BY RACQUEL PORTER
Observer staff reporter
porterr@jamaicaobserver.com

Friday, November 08, 2019

Jamiel Forrest was devastated when, after joking that he would secure a place at Calabar High School in St Andrew after sitting the then Grade Six Achievement Test, a woman from his community told him that the only bar he would be attending was a rum bar.

When the results were released, Forrest who was 11 years old at the time and unable to read was placed at Red Hills All-Age School in St Andrew.

Months later, his parents were introduced to the Young Men's Christian Association (YMCA) and he was immediately enrolled.

“I came here in grade seven. When I came here I did the reading test and I was reading below grade one level, basic school reading, probably lower,” Forrest told the Jamaica Observer Wednesday following the media launch of the association's 100th anniversary at its base on Hope Road in St Andrew.

“I eventually moved into Ms Hunter's class. When she went on the board and wrote the word 'huge', she said, 'Jamiel, what is that word?' I said, 'Hug'. She said no, she told me about when two vowels are in a word and the short and long vowels,” Forrest said, adding that eventually he got it right.

That was the motivation he needed to begin reading.

Noting that it became easy for him to read, Forrest said he began reading the newspapers every day.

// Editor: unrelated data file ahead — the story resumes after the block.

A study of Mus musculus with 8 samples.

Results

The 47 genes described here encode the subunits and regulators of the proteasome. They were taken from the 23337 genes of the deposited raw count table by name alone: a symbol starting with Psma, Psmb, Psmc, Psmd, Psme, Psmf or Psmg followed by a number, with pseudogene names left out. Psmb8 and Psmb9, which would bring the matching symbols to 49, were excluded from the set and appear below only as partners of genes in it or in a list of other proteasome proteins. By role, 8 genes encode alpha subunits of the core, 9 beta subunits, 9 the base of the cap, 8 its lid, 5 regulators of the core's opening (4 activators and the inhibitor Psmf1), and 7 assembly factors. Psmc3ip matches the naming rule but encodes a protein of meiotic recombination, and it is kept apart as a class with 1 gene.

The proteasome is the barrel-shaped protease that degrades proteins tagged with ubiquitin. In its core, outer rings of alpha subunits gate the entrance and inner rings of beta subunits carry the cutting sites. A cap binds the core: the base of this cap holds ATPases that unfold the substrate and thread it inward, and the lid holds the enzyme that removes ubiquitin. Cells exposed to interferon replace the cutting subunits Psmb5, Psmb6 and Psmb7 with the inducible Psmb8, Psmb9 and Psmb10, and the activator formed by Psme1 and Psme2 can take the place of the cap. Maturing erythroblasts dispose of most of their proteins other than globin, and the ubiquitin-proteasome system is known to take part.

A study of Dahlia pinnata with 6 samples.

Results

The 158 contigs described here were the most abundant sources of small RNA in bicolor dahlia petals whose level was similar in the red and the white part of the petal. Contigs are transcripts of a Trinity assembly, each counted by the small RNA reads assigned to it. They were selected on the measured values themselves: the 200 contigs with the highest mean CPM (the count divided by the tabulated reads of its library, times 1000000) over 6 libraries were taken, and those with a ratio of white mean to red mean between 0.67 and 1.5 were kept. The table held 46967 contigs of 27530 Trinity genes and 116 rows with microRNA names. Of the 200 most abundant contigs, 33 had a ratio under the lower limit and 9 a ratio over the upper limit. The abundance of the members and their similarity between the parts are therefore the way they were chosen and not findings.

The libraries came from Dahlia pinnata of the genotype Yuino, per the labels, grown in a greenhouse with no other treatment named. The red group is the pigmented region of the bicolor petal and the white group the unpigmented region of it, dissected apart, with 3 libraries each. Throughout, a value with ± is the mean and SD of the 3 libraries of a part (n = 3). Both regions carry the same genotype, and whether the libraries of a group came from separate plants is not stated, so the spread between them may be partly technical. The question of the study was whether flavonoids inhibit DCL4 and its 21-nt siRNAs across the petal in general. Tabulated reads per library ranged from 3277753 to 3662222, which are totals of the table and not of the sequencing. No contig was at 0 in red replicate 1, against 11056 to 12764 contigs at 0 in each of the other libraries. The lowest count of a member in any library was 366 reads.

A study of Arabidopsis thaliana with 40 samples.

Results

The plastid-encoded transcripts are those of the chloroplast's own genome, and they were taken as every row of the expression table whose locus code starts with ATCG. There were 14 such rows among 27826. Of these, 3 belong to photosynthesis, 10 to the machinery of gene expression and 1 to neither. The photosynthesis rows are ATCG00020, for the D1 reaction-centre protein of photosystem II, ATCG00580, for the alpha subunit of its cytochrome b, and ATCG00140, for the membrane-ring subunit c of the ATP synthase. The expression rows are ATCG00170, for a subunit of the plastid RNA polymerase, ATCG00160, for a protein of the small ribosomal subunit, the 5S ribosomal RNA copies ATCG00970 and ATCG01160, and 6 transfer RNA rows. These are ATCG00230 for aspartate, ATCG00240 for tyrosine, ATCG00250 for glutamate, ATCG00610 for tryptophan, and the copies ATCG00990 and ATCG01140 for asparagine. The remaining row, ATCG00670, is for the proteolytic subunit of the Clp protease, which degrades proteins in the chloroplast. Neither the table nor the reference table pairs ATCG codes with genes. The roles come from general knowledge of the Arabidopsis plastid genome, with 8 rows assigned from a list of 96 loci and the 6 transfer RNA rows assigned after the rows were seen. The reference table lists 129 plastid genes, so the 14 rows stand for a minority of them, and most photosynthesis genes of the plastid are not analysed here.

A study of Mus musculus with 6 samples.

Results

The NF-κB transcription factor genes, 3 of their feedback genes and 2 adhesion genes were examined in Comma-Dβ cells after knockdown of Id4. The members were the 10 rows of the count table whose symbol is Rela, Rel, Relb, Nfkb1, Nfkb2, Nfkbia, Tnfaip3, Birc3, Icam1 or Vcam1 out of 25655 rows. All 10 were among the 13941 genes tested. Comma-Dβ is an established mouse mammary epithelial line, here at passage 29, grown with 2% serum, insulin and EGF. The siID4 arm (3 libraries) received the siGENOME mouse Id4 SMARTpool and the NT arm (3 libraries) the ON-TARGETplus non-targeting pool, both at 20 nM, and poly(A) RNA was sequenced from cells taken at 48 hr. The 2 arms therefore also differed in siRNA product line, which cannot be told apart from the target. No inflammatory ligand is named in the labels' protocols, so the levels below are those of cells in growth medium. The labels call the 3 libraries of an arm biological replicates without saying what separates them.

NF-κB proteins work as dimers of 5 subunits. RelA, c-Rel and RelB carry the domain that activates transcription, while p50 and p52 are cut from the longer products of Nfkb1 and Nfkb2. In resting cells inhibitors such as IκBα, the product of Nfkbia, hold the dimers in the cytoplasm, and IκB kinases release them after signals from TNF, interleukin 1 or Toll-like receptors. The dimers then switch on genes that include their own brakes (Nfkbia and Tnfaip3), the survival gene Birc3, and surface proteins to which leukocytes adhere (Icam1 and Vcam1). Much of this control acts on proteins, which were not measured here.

According to him, he was reading at a grade nine level when he was introduced to the high school programme.

By this time, his tenure at YMCA came to an abrupt end.

He was relocated to St Mary where he attended Brimmer Vale High School for six months before returning to Kingston.

“Because of circumstances, my parents relocated back to town and they got me into St Andrew College, and from there I did my CSEC (Caribbean Secondary Education Certificate) exams. I got seven subjects. I got a scholarship to Quality Academics where I did CAPE (Caribbean Advanced Proficiency Exam) subjects in the sciences,” a shy, but proud Forrest explained.

Now, the 22-year-old Forrest said his ambition is to study the stars, planets and other natural objects in space.

As he moves closer towards his dream, while teaching literacy at YMCA, he is hoping to secure a full scholarship at a university overseas.

“YMCA is a holistic programme, not just academics. It teaches you about life, social graces, and those things. YMCA is not just a school, it is a home. A lot of the students come here without lunch money and the teachers go into their pockets to help them out,” Forrest emphasised.